Covid-19: Jabs for over 16s, and is the virus threat over?


1. Jabs set to be offered to 16 and 17-year-olds

So far children have not been offered vaccines, apart from over 12s with underlying conditions or those who live with others at high risk, but this is about to change. The BBC has been told UK experts are set to recommend 16 and 17-year-olds should be offered jabs. The Joint Committee on Vaccination and Immunisation has been assessing the benefits and risks and Whitehall sources say ministers in England are expected to accept their advice. This would see about 1.4 million teenagers included in the new rollout.

Teen getting jabbed in Israel

image sourceGetty Images


Just two weeks on from the 19 July unlocking – both infections and hospital admissions are falling. A similar pattern is emerging elsewhere in the UK where restrictions have also been eased – albeit not quite as much as in England. Has the gamble paid off? BBC health correspondent Nick Triggle has taken a look.

Chart showing forecasts


Most children who contract coronavirus recover in less than a week, research suggests. However King’s College London scientists say a small group may suffer long-term symptoms, the most common being headaches and tiredness. The research shows that’s rare as those numbers were low, which Dr Liz Whittaker, infectious disease lead at the Royal College of Paediatrics and Child Health, says reflected what paediatricians saw in clinics.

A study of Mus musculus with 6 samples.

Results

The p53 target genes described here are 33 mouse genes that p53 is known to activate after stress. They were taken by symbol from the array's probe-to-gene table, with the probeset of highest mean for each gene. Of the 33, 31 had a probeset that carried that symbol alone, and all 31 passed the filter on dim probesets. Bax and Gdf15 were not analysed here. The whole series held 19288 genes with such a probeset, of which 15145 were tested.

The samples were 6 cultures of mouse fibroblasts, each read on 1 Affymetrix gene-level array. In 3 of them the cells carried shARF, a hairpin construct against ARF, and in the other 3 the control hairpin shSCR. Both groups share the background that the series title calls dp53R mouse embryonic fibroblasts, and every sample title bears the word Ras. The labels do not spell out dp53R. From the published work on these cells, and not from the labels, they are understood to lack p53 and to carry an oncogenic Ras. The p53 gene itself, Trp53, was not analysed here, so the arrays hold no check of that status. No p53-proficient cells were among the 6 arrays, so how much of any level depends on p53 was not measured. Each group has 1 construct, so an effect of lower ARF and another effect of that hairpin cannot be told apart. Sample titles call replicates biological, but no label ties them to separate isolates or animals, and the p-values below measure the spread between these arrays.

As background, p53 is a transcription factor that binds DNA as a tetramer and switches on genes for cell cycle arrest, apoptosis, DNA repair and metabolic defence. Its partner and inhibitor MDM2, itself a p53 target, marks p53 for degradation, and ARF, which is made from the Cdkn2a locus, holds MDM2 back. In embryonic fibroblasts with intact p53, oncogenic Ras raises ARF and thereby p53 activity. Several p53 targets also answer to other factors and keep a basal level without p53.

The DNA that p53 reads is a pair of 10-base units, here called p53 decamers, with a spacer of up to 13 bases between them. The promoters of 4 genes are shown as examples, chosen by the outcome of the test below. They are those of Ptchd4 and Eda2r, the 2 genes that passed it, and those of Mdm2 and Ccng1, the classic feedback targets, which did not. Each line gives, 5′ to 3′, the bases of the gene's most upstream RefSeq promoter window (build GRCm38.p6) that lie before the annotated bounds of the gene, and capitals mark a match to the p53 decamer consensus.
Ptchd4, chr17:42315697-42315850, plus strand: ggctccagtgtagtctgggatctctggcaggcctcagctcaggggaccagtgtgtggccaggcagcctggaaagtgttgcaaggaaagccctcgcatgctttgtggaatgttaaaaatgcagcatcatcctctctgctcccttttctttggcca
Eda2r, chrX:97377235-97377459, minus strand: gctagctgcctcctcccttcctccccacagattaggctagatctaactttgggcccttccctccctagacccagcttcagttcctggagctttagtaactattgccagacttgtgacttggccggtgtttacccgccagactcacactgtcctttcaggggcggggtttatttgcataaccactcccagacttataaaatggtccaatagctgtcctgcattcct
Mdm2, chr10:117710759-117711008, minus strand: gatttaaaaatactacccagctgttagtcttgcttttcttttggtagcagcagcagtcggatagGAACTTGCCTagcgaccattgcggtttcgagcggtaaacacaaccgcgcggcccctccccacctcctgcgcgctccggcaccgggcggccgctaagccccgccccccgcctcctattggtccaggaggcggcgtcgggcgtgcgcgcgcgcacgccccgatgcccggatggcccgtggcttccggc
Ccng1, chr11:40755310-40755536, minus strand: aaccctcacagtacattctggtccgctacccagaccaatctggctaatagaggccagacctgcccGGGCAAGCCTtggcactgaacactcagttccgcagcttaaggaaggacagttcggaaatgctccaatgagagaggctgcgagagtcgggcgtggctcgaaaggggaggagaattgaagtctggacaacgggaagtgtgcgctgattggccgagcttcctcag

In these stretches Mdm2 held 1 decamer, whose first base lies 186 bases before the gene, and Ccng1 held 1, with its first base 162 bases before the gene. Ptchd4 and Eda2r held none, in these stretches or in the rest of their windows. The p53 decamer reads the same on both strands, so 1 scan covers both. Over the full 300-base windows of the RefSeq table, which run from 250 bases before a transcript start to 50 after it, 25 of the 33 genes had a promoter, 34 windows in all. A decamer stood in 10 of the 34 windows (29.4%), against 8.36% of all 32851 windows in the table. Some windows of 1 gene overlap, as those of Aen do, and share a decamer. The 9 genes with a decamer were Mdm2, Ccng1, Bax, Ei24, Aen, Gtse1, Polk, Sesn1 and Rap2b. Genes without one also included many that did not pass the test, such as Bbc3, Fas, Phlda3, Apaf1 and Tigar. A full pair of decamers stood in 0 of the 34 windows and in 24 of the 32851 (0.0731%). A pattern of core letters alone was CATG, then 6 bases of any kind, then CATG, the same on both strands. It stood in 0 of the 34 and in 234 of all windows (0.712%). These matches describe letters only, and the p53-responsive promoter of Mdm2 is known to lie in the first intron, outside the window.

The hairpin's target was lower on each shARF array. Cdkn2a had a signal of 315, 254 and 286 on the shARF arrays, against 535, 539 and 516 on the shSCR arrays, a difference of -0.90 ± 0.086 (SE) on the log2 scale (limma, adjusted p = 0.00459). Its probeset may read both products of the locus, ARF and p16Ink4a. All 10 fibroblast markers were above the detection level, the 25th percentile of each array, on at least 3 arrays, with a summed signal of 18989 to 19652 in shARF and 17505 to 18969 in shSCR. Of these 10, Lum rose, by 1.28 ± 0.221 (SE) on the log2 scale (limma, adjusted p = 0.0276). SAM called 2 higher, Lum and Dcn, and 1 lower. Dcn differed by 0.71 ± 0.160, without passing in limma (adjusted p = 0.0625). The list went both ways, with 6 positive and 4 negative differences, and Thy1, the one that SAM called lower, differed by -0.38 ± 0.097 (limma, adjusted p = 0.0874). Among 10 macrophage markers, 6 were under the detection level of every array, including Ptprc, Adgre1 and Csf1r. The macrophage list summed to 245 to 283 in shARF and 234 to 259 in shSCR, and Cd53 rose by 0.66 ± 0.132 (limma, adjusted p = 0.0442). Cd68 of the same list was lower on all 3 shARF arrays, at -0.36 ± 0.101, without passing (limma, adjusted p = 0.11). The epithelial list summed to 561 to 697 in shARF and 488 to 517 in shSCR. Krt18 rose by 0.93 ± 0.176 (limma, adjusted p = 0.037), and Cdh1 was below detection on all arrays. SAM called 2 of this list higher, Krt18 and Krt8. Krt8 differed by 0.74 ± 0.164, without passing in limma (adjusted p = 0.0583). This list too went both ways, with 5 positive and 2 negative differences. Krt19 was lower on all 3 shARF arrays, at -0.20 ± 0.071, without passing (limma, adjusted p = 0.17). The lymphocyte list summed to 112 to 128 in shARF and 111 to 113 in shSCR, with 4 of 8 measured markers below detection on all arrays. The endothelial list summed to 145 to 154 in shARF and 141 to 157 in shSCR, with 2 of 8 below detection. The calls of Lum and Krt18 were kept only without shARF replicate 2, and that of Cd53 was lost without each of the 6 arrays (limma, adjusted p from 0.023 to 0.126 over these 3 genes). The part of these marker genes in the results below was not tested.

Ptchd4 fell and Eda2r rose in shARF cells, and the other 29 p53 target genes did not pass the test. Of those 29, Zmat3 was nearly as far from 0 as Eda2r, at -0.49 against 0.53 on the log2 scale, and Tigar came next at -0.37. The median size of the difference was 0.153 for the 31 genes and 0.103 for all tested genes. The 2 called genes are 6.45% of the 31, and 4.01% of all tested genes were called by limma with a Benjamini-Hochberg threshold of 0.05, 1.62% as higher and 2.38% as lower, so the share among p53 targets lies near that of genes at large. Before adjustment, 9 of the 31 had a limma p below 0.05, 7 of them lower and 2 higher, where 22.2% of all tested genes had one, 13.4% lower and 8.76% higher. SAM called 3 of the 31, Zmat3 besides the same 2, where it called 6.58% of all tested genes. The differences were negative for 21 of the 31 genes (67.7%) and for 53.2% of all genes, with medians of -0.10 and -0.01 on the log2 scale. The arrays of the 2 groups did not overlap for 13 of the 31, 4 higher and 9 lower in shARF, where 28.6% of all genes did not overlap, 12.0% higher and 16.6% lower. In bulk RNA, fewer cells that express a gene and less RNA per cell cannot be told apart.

Teenager with a headache

image sourceGetty Images


Asma Shaikh is homeless, she dreams of escaping life on the streets and was elated at securing a place at a prominent high school in India’s Mumbai city in 2019. But the pandemic meant she hasn’t been to a single class on campus and struggles to learn online. Find out more about her story.


The Oxford-AstraZeneca jab has been a key part of the vaccine rollout but would you be able to recognise the scientist who designed it? If not, you will be able to now. Barbie maker Mattel has created a doll of Prof Dame Sarah Gilbert. Her Barbie is one of five to honour women working in science, technology, engineering and maths, or Stem.

Undated handout photo issued by Mattel of Professor Dame Sarah Gilbert holding a Barbie doll of herself in honour of the Oxford vaccine co-creator.

image sourcePA Media


And there’s more…

BBC health correspondent Nick Triggle has looked into whether the Covid cases are receding and if that means the threat from Covid is over. Do you know how many cases are in your area? Find out using our postcode checker.

Find further information, advice and guides on our coronavirus page.